Being blessed with at least six months a year of good weather, your outdoor space should be given the same amount of attention and budget allocation as the rest of your house.
However, before setting out on a shopping spree, it would be a good idea to do some planning. First, evaluate the amount of usable space you have to work with. Then consider the type of activities you want to accommodate, giving priority to those which are most important for your lifestyle. Finally, take into account the look and feel you want your space to be infused with.
Observe your space at different times of the day so you can better understand what spots are best suited for your activities in relation to sun, shade, breeze, beautiful views or unsightly elements you may want to screen. When deciding the uses you want to fit in, remember about clearance spaces around these areas particularly if the intended uses involve many people.
Scale of furniture also needs to be proportional to the size of your usable outdoor space as something too large would be overbearing in a small space, while furniture that is too petite would look lost in a very large space.
Once you have defined what uses will fit your space and what features you want to accentuate or screen, consider your landscaped areas versus your hard surfaces. Your outdoor living space should make you feel like you’re stepping into your private resort: keep in mind functionality, but never reduce your outdoor space to a simple tiled floor with a couple of pots, table and chairs.
Allocate as much space as you can to planted areas by building retaining walls to allow plants to grow and invest in a few large feature specimens to give character and structure to the planting scheme. Mediterranean plants, particularly when you mix soft feathery leaves with sculptural specimens, make stunning, low maintenance gardens.
Fabric sails, cane canopies or timber pergolas with bougainvilleas or other climbers will help define the different areas and provide a sheltered retreat, making it usable during the hotter summer days. Natural and organically shaped shading elements will also create beautiful soft shadows.
If your space is long and narrow or very large, you can break it up by using different flooring materials such as stone or tile together with decking. You can add split-levels to define the most important areas, such as dining and lounging.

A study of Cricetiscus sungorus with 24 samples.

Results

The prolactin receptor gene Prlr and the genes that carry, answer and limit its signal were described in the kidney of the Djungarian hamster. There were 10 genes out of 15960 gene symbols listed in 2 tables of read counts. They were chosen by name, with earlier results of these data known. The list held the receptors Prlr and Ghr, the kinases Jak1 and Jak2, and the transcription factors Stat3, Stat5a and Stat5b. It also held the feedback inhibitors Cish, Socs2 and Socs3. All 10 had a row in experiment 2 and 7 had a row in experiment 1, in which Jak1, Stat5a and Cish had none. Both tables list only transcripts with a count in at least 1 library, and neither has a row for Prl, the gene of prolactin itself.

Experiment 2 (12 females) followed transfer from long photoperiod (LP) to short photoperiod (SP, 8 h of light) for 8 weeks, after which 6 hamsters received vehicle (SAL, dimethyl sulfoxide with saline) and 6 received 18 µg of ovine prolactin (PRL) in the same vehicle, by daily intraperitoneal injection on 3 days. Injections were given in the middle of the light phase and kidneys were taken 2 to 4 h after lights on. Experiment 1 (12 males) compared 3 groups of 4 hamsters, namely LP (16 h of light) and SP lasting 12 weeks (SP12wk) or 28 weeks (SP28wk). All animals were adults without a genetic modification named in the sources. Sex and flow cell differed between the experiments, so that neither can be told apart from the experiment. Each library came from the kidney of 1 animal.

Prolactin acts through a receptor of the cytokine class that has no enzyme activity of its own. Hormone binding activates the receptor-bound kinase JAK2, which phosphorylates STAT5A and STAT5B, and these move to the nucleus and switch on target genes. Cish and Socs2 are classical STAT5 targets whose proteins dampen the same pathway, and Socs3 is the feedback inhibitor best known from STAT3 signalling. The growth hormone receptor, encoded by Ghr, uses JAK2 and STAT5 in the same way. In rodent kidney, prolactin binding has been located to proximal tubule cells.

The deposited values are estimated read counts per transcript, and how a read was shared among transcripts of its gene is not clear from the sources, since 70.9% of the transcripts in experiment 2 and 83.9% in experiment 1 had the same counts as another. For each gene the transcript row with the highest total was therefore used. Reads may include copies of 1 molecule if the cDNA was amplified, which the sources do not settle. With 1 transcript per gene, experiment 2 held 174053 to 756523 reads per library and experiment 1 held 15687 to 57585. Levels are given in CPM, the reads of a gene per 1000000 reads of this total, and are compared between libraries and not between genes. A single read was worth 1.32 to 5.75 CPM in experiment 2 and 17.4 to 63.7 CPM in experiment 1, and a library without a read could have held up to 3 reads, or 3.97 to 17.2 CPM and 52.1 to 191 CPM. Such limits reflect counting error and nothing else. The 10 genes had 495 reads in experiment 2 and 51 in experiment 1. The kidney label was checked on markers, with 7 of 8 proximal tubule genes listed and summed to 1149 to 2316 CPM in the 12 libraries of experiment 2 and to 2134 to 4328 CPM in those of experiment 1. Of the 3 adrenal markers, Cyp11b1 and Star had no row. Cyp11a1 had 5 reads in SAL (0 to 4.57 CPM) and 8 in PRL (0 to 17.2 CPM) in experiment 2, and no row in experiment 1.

Your outdoor space does not necessarily need to follow the style of your interiors, but some level of continuity creates a more harmonious flow. It may also be a good idea to stand inside your house facing the direction of your outdoor space and envision what you want to see when looking out. Take the openings of the rooms which overlook your yard or terrace as an opportunity to frame the outdoors and try to position your landscaped areas so they can act as a green backdrop to your interior spaces.
For seating, go beyond the use of conventional furniture. Create the ultimate resort-style outdoor space with built-in benches nestled around lush planting, a mattress on a platform with large throw pillows, or an ethnic daybed surrounded by moody lanterns, pouffes and low coffee tables. In your space planning stage, try orienting your designated lounge areas to overlook something interesting.
The fun part is always colour schemes and finishing touches. An excellent source of inspiration can be www.pinterest.com: just type “outdoor living” or “outdoor spaces” in the search tab, and a myriad of photos will come up. Remember that the palette of your colour scheme is made up of the flowers in your landscaping, your flooring materials, perhaps a bold colour on a feature wall, upholstery fabrics, pots, and light fittings. When shopping, keep photos of your purchases on your mobile, so you can easily match all the elements together.
Carefully choreograph your outdoor lighting to create a dramatic and relaxing ambiance. Use stronger direct lighting only where needed, like your dining area. For the rest of the spaces you will achieve the best results by mixing different types of light sources, from in-ground spots uplighting your feature plants, to outdoor table lamps and underwater lights in your pool or water feature. If creating your dream outdoor space requires a larger budget then expected, build it in stages starting with the messier building works, then the landscaping and finally adding the various pieces of furniture and decorative elements. Do not forget our strong summer sun and maximise your investment over time by selecting only outdoor fabrics, furniture and materials which will not fade or get spoiled in less than a season.
Finally, avoid furniture or materials that require too much labour intensive maintenance. Also, think of storage for your outdoor items during the winter months. Above all, make a mental note of clearances to get to your outdoor area, because it is immensely frustrating to find out on site that your favourite item does not make it up those narrow stairs or through a doorway.
Eliza Costabel is from Malta but has lived in Asia, Europe, North Africa and the US. Her formative years in architecture took place in Los Angeles with over 10 years designing architecture, interiors, and branded environments, first at Gensler and later at her own design studio, DLFstudio. In 2008 Eliza moved to the Kenyan coast and set up IDEA studio. Since then she has designed and coordinated a variety of retail and landscaping projects and private residences on the Kenyan coast, Nairobi and Kampala. She has recently returned to Malta, making it her base for new design ventures.